The chance of a lifetime will soon be coming for 40 young Caymanian football players.
Flow, the Caribbean cable company, will partner with Manchester United Football Club and the Caribbean Football Union to present the 2018 Flow Skills Ultimate Football Experience.
Forty boys and girls from various schools and clubs will compete on Sunday, Jan. 28, at the Truman Bodden Sports Complex for a chance to participate in a talent development camp in Trinidad. From there, a few lucky players may also win a VIP trip that includes a tour of Man United’s Old Trafford Stadium in England.
Two players will ultimately be chosen from Cayman and from each of the other 14 Flow markets to advance to the final round of competition in Trinidad.
Local coaches will conduct the local tryout, which will consist of challenges that test the players’ dribbling and short passing skills and also a small-sided game format. The program for the tryout was designed for Flow by coaches at the world renowned Manchester United Soccer School.
Danny Tathum, managing director of Flow, issued an official statement about the tryout.
“Flow Cayman has always been a strong supporter of youth and sports development in the community, and we will continue to solidify our commitment in these two areas. The Flow Skills Ultimate Football Experience is a reflection of the Company’s dedication to helping young people excel in athletics, and we hope that this experience will be both memorable and informative,” said Mr. Tathum.
“I am delighted that we were able to bring this event to the island again this year. Manchester United is one of the best football clubs in the world, and the Flow Skills experience will give these young players an idea of the physical and mental agility that is required to play at the highest level of the game.”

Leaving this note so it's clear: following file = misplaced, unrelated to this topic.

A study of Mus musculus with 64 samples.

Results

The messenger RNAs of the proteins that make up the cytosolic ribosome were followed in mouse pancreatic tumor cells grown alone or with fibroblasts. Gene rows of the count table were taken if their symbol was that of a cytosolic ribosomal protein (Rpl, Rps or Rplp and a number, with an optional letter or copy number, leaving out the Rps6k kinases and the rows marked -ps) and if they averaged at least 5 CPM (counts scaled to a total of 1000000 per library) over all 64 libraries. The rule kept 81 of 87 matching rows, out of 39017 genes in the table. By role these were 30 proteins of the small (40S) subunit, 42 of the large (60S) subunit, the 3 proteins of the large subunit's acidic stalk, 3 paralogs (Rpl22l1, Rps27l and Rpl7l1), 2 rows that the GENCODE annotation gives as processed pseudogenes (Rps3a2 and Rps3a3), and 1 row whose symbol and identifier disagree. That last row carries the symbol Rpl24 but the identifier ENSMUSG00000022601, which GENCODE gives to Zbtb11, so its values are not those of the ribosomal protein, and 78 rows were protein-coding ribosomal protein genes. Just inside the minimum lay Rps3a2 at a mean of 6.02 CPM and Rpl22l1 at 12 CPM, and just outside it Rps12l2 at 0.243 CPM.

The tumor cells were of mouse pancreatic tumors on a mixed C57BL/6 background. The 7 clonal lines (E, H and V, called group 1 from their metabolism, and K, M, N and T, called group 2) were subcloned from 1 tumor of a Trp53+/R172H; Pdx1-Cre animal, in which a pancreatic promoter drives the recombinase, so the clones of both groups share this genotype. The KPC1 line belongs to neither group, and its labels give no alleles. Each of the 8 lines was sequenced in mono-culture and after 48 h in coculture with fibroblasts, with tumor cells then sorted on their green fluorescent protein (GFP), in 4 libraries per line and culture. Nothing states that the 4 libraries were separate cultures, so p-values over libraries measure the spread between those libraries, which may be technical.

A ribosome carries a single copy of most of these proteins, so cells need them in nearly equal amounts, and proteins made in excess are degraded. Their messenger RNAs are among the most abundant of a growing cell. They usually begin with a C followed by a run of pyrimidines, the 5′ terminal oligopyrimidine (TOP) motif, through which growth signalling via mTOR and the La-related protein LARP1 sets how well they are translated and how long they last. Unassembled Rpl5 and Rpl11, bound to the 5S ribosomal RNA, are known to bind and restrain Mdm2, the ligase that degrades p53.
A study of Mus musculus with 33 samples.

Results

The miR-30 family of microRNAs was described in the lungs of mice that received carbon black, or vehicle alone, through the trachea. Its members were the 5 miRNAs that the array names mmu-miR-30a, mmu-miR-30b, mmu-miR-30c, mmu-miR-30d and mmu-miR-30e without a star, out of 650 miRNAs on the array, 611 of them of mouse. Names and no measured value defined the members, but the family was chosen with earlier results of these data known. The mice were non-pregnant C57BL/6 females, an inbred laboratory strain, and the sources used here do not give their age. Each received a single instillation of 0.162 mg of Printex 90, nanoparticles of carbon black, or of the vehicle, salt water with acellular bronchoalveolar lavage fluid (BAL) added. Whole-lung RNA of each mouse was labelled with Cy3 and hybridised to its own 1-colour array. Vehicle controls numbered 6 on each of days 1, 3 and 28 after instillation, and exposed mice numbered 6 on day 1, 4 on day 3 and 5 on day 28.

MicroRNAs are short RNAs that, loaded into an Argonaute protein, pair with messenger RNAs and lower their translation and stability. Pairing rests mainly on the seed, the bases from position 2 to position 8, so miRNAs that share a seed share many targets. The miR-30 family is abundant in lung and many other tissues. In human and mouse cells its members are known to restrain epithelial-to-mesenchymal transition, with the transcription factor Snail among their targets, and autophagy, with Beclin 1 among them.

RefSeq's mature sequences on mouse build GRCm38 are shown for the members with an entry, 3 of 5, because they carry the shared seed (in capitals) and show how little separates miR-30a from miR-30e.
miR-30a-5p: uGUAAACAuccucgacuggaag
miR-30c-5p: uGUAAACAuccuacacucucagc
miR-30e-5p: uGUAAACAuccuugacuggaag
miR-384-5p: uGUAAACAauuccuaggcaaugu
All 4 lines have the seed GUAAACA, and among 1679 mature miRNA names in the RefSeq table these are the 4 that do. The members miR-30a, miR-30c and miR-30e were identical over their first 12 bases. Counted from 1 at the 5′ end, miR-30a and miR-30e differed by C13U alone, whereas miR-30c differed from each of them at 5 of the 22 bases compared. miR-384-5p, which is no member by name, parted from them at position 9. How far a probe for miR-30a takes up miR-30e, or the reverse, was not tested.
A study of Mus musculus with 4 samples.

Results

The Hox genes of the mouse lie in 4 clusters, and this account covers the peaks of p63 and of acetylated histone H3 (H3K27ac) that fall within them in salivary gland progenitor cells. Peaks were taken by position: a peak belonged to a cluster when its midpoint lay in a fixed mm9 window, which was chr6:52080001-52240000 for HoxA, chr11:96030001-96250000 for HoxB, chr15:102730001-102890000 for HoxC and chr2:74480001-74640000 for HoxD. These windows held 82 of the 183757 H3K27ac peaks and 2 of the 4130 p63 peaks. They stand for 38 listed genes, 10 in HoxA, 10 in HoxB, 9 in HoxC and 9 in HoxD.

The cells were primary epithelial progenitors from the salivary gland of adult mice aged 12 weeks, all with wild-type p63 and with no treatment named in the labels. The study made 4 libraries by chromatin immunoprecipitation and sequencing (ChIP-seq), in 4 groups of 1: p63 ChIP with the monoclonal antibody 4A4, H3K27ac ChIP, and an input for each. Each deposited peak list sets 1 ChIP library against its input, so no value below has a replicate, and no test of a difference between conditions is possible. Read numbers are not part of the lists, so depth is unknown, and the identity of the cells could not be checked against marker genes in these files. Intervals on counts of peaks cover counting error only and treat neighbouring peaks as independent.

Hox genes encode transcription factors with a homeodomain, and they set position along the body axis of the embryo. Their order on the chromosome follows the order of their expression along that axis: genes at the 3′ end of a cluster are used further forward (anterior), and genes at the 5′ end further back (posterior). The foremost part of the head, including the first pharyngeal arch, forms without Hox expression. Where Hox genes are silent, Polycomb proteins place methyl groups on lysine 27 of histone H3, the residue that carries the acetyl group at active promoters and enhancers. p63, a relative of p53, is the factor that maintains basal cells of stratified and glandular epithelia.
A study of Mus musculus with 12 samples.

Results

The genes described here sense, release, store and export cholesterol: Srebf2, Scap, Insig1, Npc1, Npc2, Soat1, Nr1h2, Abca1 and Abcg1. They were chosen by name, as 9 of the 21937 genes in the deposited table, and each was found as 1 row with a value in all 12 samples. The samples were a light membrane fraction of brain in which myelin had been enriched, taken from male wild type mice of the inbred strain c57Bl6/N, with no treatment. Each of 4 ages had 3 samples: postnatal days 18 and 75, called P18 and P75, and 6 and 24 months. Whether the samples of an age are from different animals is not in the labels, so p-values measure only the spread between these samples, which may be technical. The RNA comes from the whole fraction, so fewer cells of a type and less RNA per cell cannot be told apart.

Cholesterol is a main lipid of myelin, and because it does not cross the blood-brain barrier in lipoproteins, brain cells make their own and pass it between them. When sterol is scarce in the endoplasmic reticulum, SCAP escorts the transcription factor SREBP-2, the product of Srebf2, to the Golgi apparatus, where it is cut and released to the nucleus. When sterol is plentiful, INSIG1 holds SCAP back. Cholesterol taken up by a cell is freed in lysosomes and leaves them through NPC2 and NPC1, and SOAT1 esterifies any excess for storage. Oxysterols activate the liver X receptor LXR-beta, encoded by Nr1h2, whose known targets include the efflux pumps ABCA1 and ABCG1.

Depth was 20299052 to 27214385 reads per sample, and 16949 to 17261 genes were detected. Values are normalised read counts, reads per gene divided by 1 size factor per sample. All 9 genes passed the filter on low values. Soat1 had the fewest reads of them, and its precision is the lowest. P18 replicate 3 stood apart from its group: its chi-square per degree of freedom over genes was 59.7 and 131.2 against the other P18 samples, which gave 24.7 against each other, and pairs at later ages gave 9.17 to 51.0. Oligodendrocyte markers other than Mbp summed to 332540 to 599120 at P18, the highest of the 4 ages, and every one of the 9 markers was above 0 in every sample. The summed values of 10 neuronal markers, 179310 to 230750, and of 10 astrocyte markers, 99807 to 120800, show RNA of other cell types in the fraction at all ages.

Last year’s winners were Cody Ebanks and D’Andre Rowe, both from Cayman Athletic Sports Club. Their skill earned them the opportunity to travel to Trinidad with their coach, Ernie “Gillie” Seymour, for a competitive two-day skills session with two coaches from the Manchester United Soccer School.
Ebanks and Rowe relished the chance to compete against all the other talented youth players from around the Caribbean, and Ebanks said the experience was positive for his football education.
“In Trinidad, I realized that sometimes you think you are putting in a lot of work to become a better player but there are other players out there who are putting in way more work than you are to become the best,” said Ebanks. “I also learned that playing at the Manchester United level means doing everything much faster than usual. It isn’t easy. Being fit is the key.”
Rowe had a similar experience, and said that he learned at the camp that you have to focus on your own skills and you cannot afford to underestimate anybody who lines up against you on the pitch.
“If you want to play at the Manchester United level, you always have to know what your next move is before receiving the ball and you have to play fast,” he said. “The drills were really technical. They taught me that I need to start off slow and get into my rhythm before increasing the pace.”
Both players fondly remembered the opportunity to meet with Trinidad legend and Manchester United player Dwight Yorke. Coach Seymour recalled that most of the players at last year’s tryout camp got along famously, sharing the field and the competition with grace and passion.
“The way they played on the field, working together, sharing the ball around and having fun looked like they had been playing together for years,” Seymour recalled. “You could tell how much they loved football. Cody and D’ Andre held their own, and I was happy to see that.”